NEW YORK – Jose Berrios said he learned from his first playoff appearance at Yankee Stadium two years ago. He said he was ready for the intensity, ready to pitch in the electric atmosphere, ready to handle the pressure.

Entrusted with the responsibility of putting the Twins on the right path during Game 1 of the ALDS vs. the Yankees, the numbers told the story.

He threw 24 pitches in the first inning.

Then he threw 24 pitches in the second inning.

Then he threw 29 pitches in the third inning, in which New York scored three runs.

Berrios was off the mark. Only 54 of his 88 pitches were strikes, and that 61.3% mark would have been his fourth-lowest strike rate of the regular season. As he was prepared to pitch, he realized that the Yankees are a hard team to attack in their park.

With an inviting porch in right field, routine fly balls become ERA busters. And Berrios wanted to avoid hard contact.

"They look for you to be up, and you see they want to hit homers," he said after lasting four innings and getting a no-decision in the Twins' 10-4 loss. "They know this is a little stadium, so they can hit a fly ball and make it a homer. We keep doing our plan and try to execute quality pitches down in the zone and that's our game."

The result was lengthy battles that ran his pitch count up.

When Berrios met with reporters Thursday, he was ready to embrace the challenge and distance himself from two years ago, when he gave up three runs in three innings during the AL wild-card game loss to the Bronx Bombers.

Well, he went four innings Friday, giving up three runs, although two of them were unearned when his defense botched a potential inning-ending double play as C.J. Cron failed to catch Luis Arraez's throw from second.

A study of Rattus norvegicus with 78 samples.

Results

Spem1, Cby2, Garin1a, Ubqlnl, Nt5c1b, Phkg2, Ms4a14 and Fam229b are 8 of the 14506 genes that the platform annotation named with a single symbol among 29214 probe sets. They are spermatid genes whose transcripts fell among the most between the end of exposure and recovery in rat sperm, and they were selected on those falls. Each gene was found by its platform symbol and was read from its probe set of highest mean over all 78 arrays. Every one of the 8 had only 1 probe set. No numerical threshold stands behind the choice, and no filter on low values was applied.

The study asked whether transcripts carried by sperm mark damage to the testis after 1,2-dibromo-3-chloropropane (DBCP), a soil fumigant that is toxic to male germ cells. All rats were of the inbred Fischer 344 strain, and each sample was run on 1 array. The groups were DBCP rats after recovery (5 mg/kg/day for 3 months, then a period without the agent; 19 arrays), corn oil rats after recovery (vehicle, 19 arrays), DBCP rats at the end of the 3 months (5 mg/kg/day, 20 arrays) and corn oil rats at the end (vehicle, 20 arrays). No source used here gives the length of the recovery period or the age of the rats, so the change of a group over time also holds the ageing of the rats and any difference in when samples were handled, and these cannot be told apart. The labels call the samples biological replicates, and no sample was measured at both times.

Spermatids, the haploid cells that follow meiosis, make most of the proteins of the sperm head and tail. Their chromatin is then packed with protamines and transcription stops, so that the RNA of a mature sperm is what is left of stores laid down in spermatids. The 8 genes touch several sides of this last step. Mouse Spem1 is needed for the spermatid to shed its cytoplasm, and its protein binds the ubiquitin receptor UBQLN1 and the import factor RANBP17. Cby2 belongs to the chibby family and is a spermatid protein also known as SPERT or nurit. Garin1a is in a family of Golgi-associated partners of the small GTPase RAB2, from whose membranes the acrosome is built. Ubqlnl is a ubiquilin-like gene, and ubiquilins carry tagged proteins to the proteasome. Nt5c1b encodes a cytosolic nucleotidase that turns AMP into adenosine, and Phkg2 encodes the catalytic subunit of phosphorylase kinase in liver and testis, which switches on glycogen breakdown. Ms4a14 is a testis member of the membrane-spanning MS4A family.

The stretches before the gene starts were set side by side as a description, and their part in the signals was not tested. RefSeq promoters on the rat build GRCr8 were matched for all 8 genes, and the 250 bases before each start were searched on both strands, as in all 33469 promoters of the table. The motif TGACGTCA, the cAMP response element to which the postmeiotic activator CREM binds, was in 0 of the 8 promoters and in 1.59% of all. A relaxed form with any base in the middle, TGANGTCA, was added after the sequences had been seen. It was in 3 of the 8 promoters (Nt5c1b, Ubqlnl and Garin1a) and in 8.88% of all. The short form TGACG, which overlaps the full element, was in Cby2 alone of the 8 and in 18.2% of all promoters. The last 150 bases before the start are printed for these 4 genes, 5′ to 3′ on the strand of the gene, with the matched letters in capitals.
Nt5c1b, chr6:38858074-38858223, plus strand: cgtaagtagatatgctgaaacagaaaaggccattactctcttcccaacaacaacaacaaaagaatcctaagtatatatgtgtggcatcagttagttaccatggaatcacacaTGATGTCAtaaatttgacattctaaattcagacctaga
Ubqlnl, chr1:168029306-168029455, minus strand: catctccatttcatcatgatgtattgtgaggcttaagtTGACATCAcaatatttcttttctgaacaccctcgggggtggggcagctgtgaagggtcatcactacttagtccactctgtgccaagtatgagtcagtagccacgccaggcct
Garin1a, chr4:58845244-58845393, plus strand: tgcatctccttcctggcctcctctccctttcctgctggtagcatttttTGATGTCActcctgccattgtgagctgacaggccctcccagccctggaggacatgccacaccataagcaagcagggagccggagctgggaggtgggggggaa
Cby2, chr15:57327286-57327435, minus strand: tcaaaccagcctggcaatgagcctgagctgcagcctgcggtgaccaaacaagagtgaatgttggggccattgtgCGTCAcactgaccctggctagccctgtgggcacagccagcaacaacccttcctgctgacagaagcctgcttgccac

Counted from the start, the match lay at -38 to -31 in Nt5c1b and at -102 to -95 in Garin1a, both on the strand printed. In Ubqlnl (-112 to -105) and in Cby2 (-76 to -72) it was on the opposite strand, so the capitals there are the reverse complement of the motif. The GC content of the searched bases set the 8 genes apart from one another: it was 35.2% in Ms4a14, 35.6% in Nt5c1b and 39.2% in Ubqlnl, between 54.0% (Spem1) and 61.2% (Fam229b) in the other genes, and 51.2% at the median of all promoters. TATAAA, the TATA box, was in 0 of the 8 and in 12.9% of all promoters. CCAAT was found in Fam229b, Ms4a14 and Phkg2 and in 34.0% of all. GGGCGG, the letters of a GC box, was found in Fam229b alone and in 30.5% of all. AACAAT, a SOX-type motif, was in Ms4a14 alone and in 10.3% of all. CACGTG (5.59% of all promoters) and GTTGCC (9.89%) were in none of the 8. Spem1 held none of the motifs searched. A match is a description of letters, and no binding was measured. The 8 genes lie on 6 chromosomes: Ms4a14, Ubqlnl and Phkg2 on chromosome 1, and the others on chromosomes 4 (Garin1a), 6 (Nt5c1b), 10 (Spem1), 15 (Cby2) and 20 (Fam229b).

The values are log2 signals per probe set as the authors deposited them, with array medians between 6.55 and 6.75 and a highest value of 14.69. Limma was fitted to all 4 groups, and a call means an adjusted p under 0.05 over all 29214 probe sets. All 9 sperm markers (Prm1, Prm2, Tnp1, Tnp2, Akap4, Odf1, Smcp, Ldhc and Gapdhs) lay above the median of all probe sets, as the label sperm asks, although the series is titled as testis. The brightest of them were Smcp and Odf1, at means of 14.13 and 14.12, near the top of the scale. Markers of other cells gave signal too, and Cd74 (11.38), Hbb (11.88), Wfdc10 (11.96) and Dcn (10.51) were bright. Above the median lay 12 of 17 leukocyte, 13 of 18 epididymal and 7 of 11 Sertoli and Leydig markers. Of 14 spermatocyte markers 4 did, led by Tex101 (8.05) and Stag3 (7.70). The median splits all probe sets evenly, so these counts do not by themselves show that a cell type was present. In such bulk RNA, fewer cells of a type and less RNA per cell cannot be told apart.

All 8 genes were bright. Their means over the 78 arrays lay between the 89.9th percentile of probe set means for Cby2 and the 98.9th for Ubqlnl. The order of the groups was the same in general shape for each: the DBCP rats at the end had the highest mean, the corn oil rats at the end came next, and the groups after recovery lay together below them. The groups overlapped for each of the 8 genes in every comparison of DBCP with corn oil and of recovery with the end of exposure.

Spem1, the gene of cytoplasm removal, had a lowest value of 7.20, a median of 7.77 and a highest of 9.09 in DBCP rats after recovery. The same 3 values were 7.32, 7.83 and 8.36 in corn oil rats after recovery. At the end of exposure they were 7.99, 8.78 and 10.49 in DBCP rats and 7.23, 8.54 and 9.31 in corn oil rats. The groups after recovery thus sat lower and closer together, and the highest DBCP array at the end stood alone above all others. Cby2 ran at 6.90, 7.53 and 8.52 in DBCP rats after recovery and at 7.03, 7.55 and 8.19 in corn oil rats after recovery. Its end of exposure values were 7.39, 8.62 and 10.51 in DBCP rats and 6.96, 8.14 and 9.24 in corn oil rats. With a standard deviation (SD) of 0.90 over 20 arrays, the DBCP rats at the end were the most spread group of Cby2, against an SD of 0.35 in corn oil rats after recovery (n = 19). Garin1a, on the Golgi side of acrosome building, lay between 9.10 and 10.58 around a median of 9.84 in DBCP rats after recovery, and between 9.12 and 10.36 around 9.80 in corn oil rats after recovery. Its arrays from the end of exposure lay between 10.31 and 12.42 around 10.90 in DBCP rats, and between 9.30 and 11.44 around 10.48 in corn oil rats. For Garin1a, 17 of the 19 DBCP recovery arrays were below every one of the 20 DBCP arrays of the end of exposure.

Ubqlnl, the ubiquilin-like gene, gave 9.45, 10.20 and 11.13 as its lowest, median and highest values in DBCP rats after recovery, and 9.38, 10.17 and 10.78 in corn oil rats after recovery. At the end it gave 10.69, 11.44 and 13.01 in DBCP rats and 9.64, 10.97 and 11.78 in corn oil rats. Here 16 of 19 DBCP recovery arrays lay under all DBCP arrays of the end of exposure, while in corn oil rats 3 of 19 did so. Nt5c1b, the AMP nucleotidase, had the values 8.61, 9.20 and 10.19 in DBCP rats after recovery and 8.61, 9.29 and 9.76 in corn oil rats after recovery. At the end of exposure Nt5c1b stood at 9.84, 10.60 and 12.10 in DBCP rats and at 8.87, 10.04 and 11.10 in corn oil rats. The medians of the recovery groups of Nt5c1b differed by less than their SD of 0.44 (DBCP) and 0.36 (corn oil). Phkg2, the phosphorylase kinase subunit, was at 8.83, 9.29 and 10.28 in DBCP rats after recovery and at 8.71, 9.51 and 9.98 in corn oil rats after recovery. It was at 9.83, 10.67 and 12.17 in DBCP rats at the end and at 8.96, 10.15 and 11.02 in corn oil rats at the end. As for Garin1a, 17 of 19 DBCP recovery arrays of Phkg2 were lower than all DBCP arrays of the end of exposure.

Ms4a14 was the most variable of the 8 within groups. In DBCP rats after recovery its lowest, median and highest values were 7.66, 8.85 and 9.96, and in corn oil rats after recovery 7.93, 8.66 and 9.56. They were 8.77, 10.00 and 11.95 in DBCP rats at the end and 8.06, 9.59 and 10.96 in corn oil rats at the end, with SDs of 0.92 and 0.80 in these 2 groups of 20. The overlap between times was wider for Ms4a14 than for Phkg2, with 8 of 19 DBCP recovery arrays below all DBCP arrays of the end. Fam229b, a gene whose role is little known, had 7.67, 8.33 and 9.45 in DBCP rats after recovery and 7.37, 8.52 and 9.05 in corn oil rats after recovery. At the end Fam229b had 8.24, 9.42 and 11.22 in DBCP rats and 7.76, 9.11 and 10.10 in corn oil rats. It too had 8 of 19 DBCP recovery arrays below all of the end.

When D.J. LeMahieu had a seven-pitch at-bat before striking out to lead off the game, it was clear then the Yankees were going to make Berrios work for his outs Friday.

Berrios wiggled out of a first-and-third jam later in the inning, getting a nifty play from third baseman Miguel Sano, who barehanded Giancarlo Stanton's slow bouncer to throw him out by a hair.

Berrios faced only four batters in the second but threw at least five pitches to all of them. Didi Gregorius saw eight pitches before striking out. Berrios fell behind three of the four batters, not showing the precision needed to neutralize a dangerous lineup.

New York got a bloop single by LeMahieu — just past the reach of Arraez in short right field — and a single to center by Aaron Judge to open the third. Berrios got Brett Gardner to fly out to right, but Encarnacion lasered a 2-1 pitch to left for an RBI double.

Berrios got ahead 1-2 to Stanton but then missed with three consecutive curveballs to walk him. The error came on the next play, as Sano grabbed Gleyber Torres' grounder and attempted to start an inning-ending double play. But Arraez's low throw to first got past Cron for an error as two runs scored. There were misplays in the field, but Berrios didn't make pitches, either.

"We were trying to get his breaking ball to start a strike, and early on they weren't swinging too much because it just wasn't starting a strike," catcher Mitch Garver said, "They never really had a chance to swing at it. Credit to them for taking good at-bats."

Berrios gave up four hits and walked three while striking out six. Seven batters reaching base in four innings is not good. Throwing 88 pitches over four innings also isn't good. That only sped up the phone call to the Twins bullpen Friday, and we all saw what happened after that.

The Twins needed two more innings from Berrios, but now they trail 0-1 in the series, which raises the urgency for them to respond in Game 2.

Should he have thrown his curveball up in the zone more, to get the Yankees to swing?

"We don't want to leave anything hanging and let them hit it out on the field," Berrios said. "They had a good plan and used it good."